The use of dietary supplements in a community hospital comprehensive cancer center: implications for conventional cancer care
- Gupta, D., Lis, C.G., Birdsall, T.C. et al. Support Care Cancer (2005) 13: 912. doi:10.1007/s00520-005-0820-9
There is little data on the prevalence of use of dietary supplements in cancer, especially in light of the growing evidence that some dietary supplements can have adverse interactions with conventional cancer treatment. The purpose of this study was to investigate the use of dietary supplements among adult cancer patients in a community hospital comprehensive cancer center.
Patients and methods
A survey of 227 new adult cancer patients presenting for treatment for the first time at Cancer Treatment Centers of America at Midwestern Regional Medical Center, between November 2001 and October 2003. Patients completed the McCune Questionnaire, a validated instrument that captures information on the use of 56 dietary supplements in cancer, at admission to the hospital.
Of the 227 patients, 73% used some form of dietary supplements during the 30 day period before the survey was conducted. Dietary supplement use was significantly higher (p = 0.04) in patients with colorectal (80%) and breast (75%) cancer as compared to patients with lung cancer (53%). Patients with stage II (86%) and III (76%) disease at diagnosis were more likely (p = 0.02) to use dietary supplements as compared to those with stage I (71%) disease at diagnosis, while those with stage IV (61%) disease at diagnosis were least likely to use them. Of the 80 patients who had received chemotherapy within the last 30 days, 71% had also used dietary supplements in that timeframe and 25% had consumed one or more herbal therapies that are suspected to have adverse interactions with chemotherapy. Of the 57 patients combining chemotherapy with dietary supplements, 52.6% did not consult a healthcare professional.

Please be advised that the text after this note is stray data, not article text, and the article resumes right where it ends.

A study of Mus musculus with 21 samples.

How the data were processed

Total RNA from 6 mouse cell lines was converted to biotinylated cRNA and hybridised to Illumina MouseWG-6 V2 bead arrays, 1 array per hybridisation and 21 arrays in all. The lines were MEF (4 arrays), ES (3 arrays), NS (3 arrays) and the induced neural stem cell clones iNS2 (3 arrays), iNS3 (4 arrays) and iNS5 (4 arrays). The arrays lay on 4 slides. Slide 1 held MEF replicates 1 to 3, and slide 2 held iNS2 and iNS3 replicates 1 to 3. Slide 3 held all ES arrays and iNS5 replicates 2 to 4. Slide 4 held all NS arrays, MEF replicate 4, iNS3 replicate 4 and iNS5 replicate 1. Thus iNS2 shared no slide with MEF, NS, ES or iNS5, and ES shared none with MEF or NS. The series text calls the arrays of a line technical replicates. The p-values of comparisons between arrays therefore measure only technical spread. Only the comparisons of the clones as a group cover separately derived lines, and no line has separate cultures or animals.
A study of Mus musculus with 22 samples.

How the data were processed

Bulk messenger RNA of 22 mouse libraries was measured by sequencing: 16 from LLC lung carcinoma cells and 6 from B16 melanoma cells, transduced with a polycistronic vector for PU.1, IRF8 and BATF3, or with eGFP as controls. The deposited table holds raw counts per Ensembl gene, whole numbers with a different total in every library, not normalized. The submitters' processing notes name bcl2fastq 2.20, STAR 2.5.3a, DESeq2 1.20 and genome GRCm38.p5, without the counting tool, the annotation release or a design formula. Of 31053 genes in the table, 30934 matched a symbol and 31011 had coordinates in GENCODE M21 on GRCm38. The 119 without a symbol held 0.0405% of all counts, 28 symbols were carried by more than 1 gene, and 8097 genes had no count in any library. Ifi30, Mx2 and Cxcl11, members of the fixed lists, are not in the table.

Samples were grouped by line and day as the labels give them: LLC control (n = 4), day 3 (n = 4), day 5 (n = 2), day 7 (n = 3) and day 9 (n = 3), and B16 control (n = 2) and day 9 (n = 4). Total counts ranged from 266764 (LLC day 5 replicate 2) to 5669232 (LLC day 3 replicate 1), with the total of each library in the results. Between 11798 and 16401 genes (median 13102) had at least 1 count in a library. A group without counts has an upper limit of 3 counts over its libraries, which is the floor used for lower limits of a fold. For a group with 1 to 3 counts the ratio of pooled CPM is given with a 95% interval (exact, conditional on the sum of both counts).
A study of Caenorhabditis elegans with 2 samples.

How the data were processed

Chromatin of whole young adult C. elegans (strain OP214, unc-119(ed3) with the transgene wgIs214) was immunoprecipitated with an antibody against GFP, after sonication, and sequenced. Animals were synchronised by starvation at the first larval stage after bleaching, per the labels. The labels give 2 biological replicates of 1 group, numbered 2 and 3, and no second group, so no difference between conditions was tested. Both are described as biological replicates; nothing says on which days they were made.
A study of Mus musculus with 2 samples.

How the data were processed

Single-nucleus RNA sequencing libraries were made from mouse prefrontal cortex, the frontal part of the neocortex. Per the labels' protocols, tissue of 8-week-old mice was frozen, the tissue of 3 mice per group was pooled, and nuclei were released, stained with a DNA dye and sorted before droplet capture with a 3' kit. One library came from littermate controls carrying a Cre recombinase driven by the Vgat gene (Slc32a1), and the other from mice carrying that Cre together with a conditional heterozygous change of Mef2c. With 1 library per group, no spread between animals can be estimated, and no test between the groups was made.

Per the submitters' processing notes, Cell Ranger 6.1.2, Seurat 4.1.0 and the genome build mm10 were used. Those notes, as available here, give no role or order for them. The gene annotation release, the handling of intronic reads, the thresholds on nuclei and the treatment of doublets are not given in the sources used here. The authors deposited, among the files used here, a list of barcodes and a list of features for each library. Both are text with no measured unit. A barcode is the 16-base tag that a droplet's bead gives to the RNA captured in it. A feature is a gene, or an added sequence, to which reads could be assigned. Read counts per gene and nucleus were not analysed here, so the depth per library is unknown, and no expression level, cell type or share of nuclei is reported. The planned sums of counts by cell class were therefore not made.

In our study, twenty-five percent of patients receiving chemotherapy were concurrently using dietary supplements suspected to have adverse interactions with chemotherapy, usually relying on information sources other than healthcare professionals. Given the prevalence rates of these agents, healthcare providers should systematically inquire about them, and consider the potential for drug-dietary supplement interactions in treatment planning.